The castle of the Knights of the Order of Saint John is situated at the entrance of Kos harbour on what used to be an island in antiquity, communicating with the inland through a bridge that one can still see even today namely the bridge of “Phoinikon” (Palm Trees) Avenue.
The castle consists of two defensive precincts. The interior one has four circular towers in the corners; the south-eastern tower forms part of the exterior precinct, which is the larger one of the two, with massive bastions on the four corners, battlements and gun ports. The two precincts are separated by a large moat and communicate with a drawbridge. The castle was built of local stone as well as parts of ancient buildings (columns, architraves, bases etc.) from the ruins of the ancient city. On the upper part of its masonry, one can see many blazons.
Over the main gate’ s one sees an Hellenistic frieze with masks and garlands. On the gates ceiling (the central gate, known as the Carmadino gate) there are basalt columns placed obliquely, which come probably from the early Christian basilica of Limenos. From travellers’ descriptions, we know that the interior precinct was built a little before the end of the 14th century when the sultan Bayazit I ‘s attacks on the city were becoming more intense.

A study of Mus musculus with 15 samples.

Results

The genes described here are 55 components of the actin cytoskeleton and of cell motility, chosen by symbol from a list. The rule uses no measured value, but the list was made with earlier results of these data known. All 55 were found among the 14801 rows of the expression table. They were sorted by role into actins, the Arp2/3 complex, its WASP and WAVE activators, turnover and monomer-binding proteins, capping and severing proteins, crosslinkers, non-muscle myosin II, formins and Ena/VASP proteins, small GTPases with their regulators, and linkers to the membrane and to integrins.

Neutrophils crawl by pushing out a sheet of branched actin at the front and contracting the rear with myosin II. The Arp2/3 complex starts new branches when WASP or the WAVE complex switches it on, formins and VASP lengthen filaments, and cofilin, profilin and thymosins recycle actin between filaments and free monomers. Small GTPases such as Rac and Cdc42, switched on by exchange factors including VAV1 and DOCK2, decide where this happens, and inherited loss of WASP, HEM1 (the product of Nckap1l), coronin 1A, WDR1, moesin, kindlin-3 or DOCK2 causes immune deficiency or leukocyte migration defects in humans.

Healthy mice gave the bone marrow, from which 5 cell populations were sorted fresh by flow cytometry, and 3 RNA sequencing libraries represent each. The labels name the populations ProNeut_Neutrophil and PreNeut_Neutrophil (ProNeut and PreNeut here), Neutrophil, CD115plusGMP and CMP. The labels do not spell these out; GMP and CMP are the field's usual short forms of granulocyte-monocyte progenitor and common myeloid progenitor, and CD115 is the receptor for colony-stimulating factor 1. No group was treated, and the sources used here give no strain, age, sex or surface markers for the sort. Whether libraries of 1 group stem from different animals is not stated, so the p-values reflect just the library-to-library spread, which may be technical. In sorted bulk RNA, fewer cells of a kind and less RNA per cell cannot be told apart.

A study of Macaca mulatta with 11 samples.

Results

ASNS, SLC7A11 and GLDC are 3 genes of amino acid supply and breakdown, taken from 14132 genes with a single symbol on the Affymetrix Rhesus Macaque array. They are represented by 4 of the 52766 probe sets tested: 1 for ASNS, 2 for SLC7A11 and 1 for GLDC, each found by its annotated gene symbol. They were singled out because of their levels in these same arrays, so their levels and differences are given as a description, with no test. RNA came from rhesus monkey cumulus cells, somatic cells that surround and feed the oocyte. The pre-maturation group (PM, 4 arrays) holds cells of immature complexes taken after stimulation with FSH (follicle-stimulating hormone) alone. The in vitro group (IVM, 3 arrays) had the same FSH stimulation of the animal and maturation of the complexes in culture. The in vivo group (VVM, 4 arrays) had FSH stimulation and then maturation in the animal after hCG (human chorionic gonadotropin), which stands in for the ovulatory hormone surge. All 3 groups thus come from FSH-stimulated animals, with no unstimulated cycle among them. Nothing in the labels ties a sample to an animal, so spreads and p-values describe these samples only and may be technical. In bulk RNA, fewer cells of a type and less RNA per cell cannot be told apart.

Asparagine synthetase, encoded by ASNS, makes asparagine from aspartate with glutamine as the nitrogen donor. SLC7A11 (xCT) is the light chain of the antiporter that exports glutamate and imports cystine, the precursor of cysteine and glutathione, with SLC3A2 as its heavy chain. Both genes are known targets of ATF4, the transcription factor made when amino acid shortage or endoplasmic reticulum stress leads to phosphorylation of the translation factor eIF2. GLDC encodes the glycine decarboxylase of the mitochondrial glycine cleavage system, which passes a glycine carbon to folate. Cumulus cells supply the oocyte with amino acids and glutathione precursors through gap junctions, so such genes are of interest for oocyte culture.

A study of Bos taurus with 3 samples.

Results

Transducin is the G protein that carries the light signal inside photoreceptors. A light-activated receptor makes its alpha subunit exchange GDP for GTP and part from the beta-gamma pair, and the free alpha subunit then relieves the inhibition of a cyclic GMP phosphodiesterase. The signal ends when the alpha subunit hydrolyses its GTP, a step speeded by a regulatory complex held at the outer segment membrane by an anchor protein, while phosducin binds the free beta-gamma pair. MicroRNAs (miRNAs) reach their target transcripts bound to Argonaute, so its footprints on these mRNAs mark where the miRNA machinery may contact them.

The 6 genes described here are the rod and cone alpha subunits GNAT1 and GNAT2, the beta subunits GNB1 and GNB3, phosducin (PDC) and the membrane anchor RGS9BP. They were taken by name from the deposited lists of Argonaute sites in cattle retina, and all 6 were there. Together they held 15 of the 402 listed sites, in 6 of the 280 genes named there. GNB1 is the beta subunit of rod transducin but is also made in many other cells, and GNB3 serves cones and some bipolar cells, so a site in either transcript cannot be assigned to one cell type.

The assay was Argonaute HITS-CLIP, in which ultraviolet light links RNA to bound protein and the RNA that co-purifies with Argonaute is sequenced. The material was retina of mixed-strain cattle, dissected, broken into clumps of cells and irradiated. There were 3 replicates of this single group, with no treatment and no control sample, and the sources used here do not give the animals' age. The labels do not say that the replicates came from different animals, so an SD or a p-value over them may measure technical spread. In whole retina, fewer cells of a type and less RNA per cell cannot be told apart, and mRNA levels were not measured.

The oldest remaining part of the castle is the circular tower to the left of the draw bridge, through which the two precincKos Island – Castle Air Viewts communicate, and bears the blazons of two Grand Masters: De Lastic (1437 – 1454) and De Milly (1454 – 1461). The exterior precinct is behind the interior, its construction began in 1495 by the Grand Master D’ Aubusson, continued by D’ Amboise and completed by Del Carretto in 1514. On the northern side, between the two precincts, there used to be a warehouse constructed by the knights; it was restored during the Italian occupation and today is a museum, where one can see altars, sculptures and inscriptions.